CHARLOTTE, N.C. (AP) _ Kweisi Mfume and Myrlie Evers-Williams said again and again at this week's NAACP convention that ``it's a new day begun'' for the organization. In some respects, it is.

However, the NAACP still faces some of the same old questions, problems and criticisms as it continues to regroup following a turbulent, two-year period that threatened to wreck its credibility.

But perhaps the most basic thing that Mfume, the NAACP president, and Mrs. Myrlie Evers-Williams, chairman of the board, have been able to do during the organization's 87th annual convention is give members reason to be hopeful.

The theme of the convention, ending Thursday, is ``A New Day Begun.''

``People feel very confident with the brand of leadership Mfume brings to the NAACP,'' said Roger Vann, president of the New Haven, Conn., NAACP chapter. ``It has to be a new day. We've righted the ship internally.''

``I do believe that there has been a lot of change,'' said Rev. Curtis Gatewood, president of the chapter in Durham, N.C.

In his first convention speech as president of the National Association for the Advancement of Colored People, Mfume promised harmony and a swift end to the days when the NAACP was handicapped by internal strife and disunity.

``This is a new day begun and I will fight until hell freezes over not to let anything divide us,'' he told cheering delegates Monday. ``We are going to fight discrimination and not each other.

``Jim Crow Senior is dead but Jim Crow Junior is alive and well,'' he said. ``But unlike his father, he gets his joy watching us lynch ourselves.''

But despite Mfume's call for unity, infighting and turmoil continue.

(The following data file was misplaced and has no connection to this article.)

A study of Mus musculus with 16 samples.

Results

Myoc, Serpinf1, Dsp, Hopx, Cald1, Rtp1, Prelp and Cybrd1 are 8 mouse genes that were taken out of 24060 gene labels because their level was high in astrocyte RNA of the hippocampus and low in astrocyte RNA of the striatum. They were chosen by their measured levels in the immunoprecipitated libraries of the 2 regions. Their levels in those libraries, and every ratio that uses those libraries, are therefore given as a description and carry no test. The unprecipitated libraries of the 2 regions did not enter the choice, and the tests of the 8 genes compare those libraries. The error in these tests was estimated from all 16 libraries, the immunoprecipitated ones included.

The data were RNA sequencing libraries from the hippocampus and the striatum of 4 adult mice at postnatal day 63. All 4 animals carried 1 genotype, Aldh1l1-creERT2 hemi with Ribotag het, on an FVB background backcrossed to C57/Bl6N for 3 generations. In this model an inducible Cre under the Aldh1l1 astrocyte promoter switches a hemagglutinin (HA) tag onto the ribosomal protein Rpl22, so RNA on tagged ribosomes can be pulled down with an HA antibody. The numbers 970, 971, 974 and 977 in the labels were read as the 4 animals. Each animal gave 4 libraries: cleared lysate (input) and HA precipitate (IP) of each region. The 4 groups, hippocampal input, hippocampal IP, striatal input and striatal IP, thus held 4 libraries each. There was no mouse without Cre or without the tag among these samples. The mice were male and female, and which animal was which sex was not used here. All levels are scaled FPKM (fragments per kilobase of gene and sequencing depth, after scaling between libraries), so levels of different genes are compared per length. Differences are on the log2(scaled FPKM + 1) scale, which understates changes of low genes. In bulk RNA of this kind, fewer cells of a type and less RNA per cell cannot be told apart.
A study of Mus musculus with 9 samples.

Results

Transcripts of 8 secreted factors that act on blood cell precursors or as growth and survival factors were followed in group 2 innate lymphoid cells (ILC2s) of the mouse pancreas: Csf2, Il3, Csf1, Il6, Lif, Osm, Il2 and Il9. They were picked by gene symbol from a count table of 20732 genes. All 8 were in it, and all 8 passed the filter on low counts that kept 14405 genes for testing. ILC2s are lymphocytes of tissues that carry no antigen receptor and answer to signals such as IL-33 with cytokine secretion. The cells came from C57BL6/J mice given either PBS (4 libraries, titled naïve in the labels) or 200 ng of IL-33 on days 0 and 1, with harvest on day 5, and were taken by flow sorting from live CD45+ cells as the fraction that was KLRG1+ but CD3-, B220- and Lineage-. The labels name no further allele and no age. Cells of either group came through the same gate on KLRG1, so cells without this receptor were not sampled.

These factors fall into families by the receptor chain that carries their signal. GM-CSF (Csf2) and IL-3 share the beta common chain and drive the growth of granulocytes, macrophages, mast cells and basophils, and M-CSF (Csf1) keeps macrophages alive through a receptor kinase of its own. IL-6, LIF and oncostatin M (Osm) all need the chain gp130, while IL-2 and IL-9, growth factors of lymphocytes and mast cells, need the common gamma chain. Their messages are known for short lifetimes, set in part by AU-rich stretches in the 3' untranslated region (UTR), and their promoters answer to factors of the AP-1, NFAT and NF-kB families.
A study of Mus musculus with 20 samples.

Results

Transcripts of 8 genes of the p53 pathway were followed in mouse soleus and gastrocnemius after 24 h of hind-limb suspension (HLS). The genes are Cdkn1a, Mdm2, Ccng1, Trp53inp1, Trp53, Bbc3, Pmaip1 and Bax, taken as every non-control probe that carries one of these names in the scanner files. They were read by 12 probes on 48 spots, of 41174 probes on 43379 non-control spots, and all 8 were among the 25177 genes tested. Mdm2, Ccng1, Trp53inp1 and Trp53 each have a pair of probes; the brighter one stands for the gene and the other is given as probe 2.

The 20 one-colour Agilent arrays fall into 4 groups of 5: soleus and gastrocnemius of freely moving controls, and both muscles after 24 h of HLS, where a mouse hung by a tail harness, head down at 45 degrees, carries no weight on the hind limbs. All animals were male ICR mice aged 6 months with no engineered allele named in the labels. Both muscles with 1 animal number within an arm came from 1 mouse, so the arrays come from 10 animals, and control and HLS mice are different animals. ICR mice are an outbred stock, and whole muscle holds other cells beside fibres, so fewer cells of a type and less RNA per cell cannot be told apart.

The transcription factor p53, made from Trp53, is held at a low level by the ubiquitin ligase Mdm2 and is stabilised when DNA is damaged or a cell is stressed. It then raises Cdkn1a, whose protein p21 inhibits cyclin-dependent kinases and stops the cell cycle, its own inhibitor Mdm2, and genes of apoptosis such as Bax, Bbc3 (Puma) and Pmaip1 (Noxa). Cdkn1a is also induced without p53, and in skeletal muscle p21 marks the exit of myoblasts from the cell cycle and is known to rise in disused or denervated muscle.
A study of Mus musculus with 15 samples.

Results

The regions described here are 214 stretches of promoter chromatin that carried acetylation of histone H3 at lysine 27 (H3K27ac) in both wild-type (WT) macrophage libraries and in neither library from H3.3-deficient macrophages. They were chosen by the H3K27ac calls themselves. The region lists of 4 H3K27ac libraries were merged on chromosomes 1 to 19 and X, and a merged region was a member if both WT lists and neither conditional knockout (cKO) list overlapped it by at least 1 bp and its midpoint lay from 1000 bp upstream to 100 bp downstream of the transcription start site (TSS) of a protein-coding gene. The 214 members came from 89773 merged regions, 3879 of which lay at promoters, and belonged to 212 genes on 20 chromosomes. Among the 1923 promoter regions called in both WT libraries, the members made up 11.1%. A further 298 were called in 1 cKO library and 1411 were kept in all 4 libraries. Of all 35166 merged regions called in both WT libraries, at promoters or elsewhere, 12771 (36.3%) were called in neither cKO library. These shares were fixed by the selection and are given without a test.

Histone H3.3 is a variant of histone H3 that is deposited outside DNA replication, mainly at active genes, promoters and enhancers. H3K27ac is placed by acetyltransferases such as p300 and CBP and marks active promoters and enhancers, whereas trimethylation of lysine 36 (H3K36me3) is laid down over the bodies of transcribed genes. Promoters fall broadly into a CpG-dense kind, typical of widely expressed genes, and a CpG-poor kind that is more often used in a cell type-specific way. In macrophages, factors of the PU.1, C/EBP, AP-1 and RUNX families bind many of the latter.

Members from a dozen Midwestern states protested Sunday against Mfume's decision to move their regional office to Baltimore from Detroit. The move was part of Mfume's plan to streamline operations.

Some members of the 64-member national board also are upset that Mfume reports only to a 17-person executive committee, instead of the full body.

The NAACP recently lost Wade Henderson, the longtime director of its Washington bureau, and is about to lose Ed Hailes Jr., the bureau's counsel. The departures will leave the organization without a major lobbying presence in the nation's capital in the months leading up to November's elections.

``The NAACP now is a house divided,'' said John Harvey, former president of the Flint, Mich., chapter. ``It's going to be hard for them to do something until there's a shakeout.''

Its previous executive director, Benjamin Chavis, was fired in 1994 following the disclosure that he used NAACP funds to quiet sexual harassment allegations against him. Mrs. Evers-Williams was elected in early 1995 to set the organization on a new course, and she helped bring Mfume along.

Mfume and Mrs. Evers-Williams speak passionately about fighting efforts to undo affirmative action programs and countering Supreme Court decisions that are eroding the hard-won gains of the struggles of the 1950s and 1960s.

They talk about improving public education for blacks, securing jobs, housing and entrepreneurial opportunities and working to improve the plight of black men and boys. They haven't followed up with specific proposals.

But both say the NAACP is still needed because the country continues to face many of the problems civil rights leaders fought decades ago.

In her address to delegates, Mrs. Evers-Williams said America ``does not know which direction it is headed in.''

``We as firefighters must guide it in the right direction,'' she said.

On the positive side, however:

_The NAACP's debt, which nearly topped $5 million two years ago, has been reduced to less than $1.5 million, Mfume said.

_The organization also is taking advantage of technology. It switched this month to its first computer system for processing memberships. On Tuesday, it opened a site on the Internet worldwide computer network.

_The NAACP is in the midst of what it says is its most extensive voter registration and empowerment program ever. The goal of the yearlong effort is to sign up 1 million new voters, Mrs. Evers-Williams said.

_In keeping with the commitment to attract young people, Mfume has hired the Rev. Jamal Bryant to be the new national youth director. He also brought in a new chief financial officer to monitor finances. The NAACP's long-term financial also plans include creating an endowment.